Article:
The proposed goods and services tax (GST) regime, slated to be introduced from April 1, 2016 will be a paradigm shift from the present taxation model to an advanced one. While GST is flaunted as the single largest indirect tax reform that will boost India’s GDP, its impact on the consumer is less talked about.
Under the GST regime all major indirect taxes — central excise duty, service tax and additional duties of customs at the central level; value-added tax, central sales tax, entertainment tax, luxury tax, octroi and lottery tax at the state level — will be replaced by a ‘dual GST’. The centre will administer the central GST (CGST), and the individual states will administer the state GST (SGST).
GST is expected to have a far reaching impact over trade and industry as its introduction will result in abolition of multiple taxes, removal of cascading effect of taxation and fostering a common market across the country.
GST will be charged at each stage of value addition and the supplier will be able to offset the levy through a tax credit mechanism. However, GST being an indirect tax, the ultimate burden has to be borne by the consumer. The tax content in the final product or service price would therefore determine the impact of GST on the consumer.
Probably, GST on goods will comprise of at least two nominal rates apart from specified goods that would be exempt.
Currently, we have an excise duty of 12.5 per cent on majority of goods (lower rates of six per cent on some) and a VAT rate of 4-5 per cent for merit goods and 12.5-14.5 per cent on other goods. Thus, the total tax incidence for goods could range between 10 per cent to over 25 per cent. Services are presently taxed only by the centre at 12.36 per cent, that will to be subjected to 14 per cent with effect from June 1 2015.
Since, with the introduction of GST all these rates will blend into two rates (lower rate and standard rate), there will be a positive or negative impact on every product. It is also expected that the excise exemption, which apply on 300 product categories, will be pruned to around 100 to match with the exemptions under the state VAT regime.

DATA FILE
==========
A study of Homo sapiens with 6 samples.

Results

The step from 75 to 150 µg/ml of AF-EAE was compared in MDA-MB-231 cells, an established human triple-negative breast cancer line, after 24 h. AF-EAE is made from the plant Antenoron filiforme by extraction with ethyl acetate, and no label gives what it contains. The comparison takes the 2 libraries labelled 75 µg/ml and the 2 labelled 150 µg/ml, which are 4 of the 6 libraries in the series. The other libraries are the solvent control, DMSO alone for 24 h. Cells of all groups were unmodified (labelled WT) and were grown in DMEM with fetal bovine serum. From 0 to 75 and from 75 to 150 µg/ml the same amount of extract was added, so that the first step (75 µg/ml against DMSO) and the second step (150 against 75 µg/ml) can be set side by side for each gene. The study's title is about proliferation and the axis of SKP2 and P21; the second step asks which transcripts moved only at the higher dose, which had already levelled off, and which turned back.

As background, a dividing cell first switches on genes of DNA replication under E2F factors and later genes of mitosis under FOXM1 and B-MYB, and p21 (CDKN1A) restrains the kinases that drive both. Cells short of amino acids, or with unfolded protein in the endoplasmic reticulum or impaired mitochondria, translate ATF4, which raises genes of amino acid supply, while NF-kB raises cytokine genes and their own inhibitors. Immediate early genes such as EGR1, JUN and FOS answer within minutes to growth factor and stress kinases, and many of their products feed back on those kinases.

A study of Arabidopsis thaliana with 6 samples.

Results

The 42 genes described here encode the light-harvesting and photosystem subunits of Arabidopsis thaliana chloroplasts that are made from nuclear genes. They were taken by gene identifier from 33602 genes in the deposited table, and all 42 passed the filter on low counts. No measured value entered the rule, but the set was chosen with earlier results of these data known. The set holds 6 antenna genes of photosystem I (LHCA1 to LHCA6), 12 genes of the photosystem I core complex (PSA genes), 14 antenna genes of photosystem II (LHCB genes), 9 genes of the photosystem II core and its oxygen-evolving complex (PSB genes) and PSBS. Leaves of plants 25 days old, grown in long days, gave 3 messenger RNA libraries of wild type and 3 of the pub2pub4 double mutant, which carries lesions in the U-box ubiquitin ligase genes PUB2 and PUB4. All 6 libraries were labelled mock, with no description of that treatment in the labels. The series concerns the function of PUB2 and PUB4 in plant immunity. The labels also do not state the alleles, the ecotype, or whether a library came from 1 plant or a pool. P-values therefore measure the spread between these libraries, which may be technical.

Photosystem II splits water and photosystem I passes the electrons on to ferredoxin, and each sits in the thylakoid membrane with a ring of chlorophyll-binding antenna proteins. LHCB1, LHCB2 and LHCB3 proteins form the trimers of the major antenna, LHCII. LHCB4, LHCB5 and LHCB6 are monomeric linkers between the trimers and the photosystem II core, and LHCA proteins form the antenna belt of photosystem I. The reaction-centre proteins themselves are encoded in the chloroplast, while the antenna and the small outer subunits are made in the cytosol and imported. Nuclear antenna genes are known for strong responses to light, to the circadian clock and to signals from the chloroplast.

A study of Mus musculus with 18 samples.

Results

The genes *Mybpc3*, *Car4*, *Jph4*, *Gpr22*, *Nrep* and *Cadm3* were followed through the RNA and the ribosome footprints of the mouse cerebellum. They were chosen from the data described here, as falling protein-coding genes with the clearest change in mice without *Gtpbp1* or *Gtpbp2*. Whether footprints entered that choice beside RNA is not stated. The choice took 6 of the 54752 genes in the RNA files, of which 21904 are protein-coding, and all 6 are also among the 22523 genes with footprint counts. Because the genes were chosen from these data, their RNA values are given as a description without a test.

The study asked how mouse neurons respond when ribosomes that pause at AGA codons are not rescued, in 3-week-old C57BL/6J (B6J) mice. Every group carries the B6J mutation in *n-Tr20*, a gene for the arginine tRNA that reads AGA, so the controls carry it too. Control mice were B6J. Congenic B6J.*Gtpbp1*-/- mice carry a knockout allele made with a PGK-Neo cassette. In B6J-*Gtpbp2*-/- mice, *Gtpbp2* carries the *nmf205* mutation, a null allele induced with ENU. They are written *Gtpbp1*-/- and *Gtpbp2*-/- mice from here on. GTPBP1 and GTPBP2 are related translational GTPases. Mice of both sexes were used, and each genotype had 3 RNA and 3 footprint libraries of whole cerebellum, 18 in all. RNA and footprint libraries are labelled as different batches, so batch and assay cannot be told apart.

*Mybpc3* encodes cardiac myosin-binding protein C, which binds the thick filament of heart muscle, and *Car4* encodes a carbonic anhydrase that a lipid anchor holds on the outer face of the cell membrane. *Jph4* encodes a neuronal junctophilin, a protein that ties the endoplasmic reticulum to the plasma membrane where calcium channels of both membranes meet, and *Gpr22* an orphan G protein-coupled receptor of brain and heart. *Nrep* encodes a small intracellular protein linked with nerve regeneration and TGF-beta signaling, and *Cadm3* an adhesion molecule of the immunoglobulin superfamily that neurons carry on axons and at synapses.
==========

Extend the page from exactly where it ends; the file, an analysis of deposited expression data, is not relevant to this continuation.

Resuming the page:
Further, the Constitution amendment bill which is pending Rajya Sabha clearance also proposes to impose an additional tax of one per cent on supply of goods in the course of inter-state trade for an initial period of two years of operation of the GST regime, which will be assigned to the state from where the supply originates. Since, no credit will be available for the additional tax, it will add to the cost of goods. If the goods are sold/stock transferred to 2-3 states before their final sale there will be an additional impact of 2-3 per cent on this account alone.
In spite of the fact that the tax incidence on some goods might rise due to the increase in the effective rate, businesses are bound to gain due to free flow of credits, no tax cascading and lower compliance costs under GST. Presently, no credit is available for CST, while in the proposed regime businesses will be able to avail credit of IGST on inter-state supply. Trading houses are expected to gain as they will be able to avail credit of CGST as against the excise duty that currently forms part of the cost of their product.
The question whether the end consumer of goods will benefit from GST depends on the rates of dual GST and how soon the businesses will pass on the not so visible benefits of cost reduction due to increased credit availability, no cascading of taxes and lower cost of compliances to the end consumers.
The service sector will be adversely affected under the GST regime. Presently, services are taxed only by the centre. Under the GST regime, services will be taxed by the centre and the states, leading to multiple compliances and consequent increase in compliance costs. More importantly the rate of service tax is expected to be much higher than the present level. As consumers of services, one will feel the heat directly by way of increased telephone bills, higher cost of dining in hotels, increase in air travel cost, and increase in costs of almost all services consumed. Most of the services are taxed under the negative list regime and will continue to be taxed under GST as well, albeit at a higher rate.
While for the consumers of goods it will be a mixed bag, for the service consumers, the impact of GST is expected to be adverse. As to how the proposed GST will impact the ultimate consumer will depend amongst other factors, on the rate of dual GST.A moderate standard rate of GST at around 18 per cent for goods and for services at a lower rate of 12-14 per cent, same as applicable for merit goods is what the industry is looking forward to. At these rates the end consumers would not be impacted much, but at the same time the government revenues are expected to go up due to better compliances.